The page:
Griffith, Texas, was a small town on what is now Farm-to-Market Road 2258 at Boggy Branch, in western Ellis County. It was named for J.W. Griffith, an early settler. The town became known as Griffith Switch when a spur track for the International-Great Northern Railroad came through the community in 1903, after which it served primarily as a cattle shipping point. Griffith Switch had an estimated population of 25 and one business in 1930. The population remained about that number until 1970, when no estimate was available. By that time the town had a store, a cotton gin and a service station.
I first heard of Griffith Switch several years ago when I took Farm-to-Market Road 157 from Maypearl to Venus. A few miles south of Venus I saw a sign for Griffith Switch, with an arrow pointing to the left, which was FM 2258. I took this road and drove all the way back to I35 north of Grandview, without seeing anything that looked like an old town site.
This past September I decided to see if I could find Griffith Switch again. After turning onto FM 2258, I went slow, looking everything over closely. About two miles down the road I spotted a small building with a sign on front that read, “Griffith Switch Balcksmithing.” Near the building was a large graveled area with some old horse-drawn farm equipment.
After finding a place to turn around we went back to the entrance to the property. The gate was open and there were some workers out near one of the sheds. After getting an OK from the workers to take some pictures we got out and started a walking tour of the place.
Some of the early horse-drawn equipment included a riding cultivator, a stalk cutter, sickle mower and a hay rake, otherwise known as a buck rake. There were two old iron wheeled tractors, an early tractor-pulled combine and a stationary thrasher. Nearby was a windmill on a wooden tower with a wooden water tank on a platform next to it.
Just south of the farm equipment and near the front fence was the blacksmith shop. This had been built with old barn lumber and made to look old. There were some old plows and blacksmith tools hanging on the wall and some old cultivator wheels leaning against the porch posts.
At the back of the farm equipment was “The Switch Livery Stable.” We did not go into the Livery Stable; however, there was a long open shed beside it with several items in it. One item that really caught my attention was a covered wagon equipped as a chuck wagon. There were six wooden crates on the back labeled: Beans, Cofey, Floar, Meel, Taters and Sugger (their spelling, not mine).
Other items in the shed included a buckboard, what I would call a closed-in Amish carriage and an ox-cart.
Across the drive from the farm equipment was a two-story house. The first story was made of logs, which you can tell are quite old. The second story was of wood frame construction added on later.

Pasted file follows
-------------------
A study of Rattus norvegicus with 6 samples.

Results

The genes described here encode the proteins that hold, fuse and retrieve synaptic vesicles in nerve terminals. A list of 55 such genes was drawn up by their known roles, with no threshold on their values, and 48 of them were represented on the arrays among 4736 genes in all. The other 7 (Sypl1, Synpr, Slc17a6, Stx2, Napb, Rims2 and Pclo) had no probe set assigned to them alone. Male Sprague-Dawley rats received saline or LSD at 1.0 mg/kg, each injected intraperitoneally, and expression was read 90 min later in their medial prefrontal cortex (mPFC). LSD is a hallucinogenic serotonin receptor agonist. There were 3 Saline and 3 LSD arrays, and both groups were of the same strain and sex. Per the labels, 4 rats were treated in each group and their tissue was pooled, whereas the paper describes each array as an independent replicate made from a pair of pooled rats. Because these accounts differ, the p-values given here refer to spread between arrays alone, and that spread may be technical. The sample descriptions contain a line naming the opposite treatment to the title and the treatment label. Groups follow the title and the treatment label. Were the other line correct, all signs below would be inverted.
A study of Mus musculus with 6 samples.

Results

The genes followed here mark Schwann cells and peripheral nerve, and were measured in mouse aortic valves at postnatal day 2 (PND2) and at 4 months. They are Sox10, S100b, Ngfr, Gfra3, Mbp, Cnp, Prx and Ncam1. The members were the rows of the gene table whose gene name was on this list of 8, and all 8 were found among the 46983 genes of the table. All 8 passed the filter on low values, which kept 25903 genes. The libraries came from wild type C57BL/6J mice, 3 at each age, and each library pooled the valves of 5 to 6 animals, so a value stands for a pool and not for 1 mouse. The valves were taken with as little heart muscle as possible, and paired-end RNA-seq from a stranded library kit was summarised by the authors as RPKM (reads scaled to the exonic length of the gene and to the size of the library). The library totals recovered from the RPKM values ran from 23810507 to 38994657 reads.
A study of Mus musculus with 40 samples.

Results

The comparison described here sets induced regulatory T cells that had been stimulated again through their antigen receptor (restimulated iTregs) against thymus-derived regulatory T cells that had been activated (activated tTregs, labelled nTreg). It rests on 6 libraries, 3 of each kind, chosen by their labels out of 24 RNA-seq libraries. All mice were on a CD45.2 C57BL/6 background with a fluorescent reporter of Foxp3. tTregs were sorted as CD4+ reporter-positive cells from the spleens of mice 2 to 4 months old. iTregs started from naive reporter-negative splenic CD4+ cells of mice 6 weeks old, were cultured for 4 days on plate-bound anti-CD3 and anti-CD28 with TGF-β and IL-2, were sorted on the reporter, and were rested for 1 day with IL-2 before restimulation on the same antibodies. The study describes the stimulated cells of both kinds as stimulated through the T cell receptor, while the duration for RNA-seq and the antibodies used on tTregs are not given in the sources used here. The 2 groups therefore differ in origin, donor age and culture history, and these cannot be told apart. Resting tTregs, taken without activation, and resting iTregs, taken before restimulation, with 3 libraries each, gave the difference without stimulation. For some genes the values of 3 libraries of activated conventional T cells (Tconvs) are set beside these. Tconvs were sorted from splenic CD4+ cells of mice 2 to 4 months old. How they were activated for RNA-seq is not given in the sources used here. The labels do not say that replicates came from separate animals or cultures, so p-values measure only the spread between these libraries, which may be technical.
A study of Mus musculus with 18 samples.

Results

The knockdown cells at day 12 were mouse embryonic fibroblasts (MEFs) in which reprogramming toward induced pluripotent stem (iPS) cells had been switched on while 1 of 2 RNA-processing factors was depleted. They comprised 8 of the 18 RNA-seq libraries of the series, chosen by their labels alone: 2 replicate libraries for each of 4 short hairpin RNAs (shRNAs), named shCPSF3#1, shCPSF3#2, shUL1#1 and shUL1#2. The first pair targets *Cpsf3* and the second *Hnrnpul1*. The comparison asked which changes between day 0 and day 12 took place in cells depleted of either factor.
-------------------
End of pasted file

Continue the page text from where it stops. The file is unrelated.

A marker near the gate tells that this is the “Silken Ranch.” The dogtrot log house was built in Auburn, Ky., about 1825 and all the logs were hand-hewn. The log cabin was disassembled in March 2000, moved here and reassembled. The second floor was added and completed in March 2001. The owners were listed as Bob and Norma Emerson.
I wanted to find out more about Griffith Switch, so I went to Maypearl and started asking questions. The man at the local feed store and the manager of the chamber of commerce had never heard of the place. The lady at the bank knew of the location but had not been by since the buildings had been put up and the equipment moved in. She sent me to the local insurance lady, who keeps up with all the property in the area.
The insurance lady knew where the place was but did not know the people who owned it; however, she knew someone who might know. She made a phone call and then told me that all the information that she could get was that the owners lived in Midlothian.
Since the owners lived in Midlothian, I decided I might be able to find out more at Venus. The manager of the Venus Chamber of Commerce had never heard of Griffith Switch. He told me that the local insurance lady might know something about the place as she had been there a long time, he had only been there two years.
The lady wasn’t sure of what place I was asking about until I mentioned Silken Ranch and Bob and Norma Emerson. Then she said, “Oh, now I know what place you are talking about.” She then got a telephone directory and got a telephone number for the ranch.
I finally got in contact with Sid Kuykendall, the Emerson’s son-in-law. When I asked him about the place with the blacksmith shop, he let me know right off that the shop wasn’t original, that Mr. Emerson had built it, which I could tell by looking at it. He said that the Emersons bought the place in 1998 and after moving the log house there and finishing it in 2001, Mr. Emerson started buying the old farm equipment from various places around the state and started putting up the buildings. Mr. Emerson passed away in 2008.
Kuykendall said that he grew up in the area and he remembered an old station/store combination being down the road a piece from where the Emerson place is now located and a gin was across the road from the store. All signs of the store and gin are gone now.
This is all on private property; however, you might drive by and take a look at the place and if the gate is open you may find someone there who will let you look around like I did.
Griffith Switch is like a lot of other early day Texas towns, not much left but memories.
John Watson is a Cleburne resident who can be reached at email@example.com.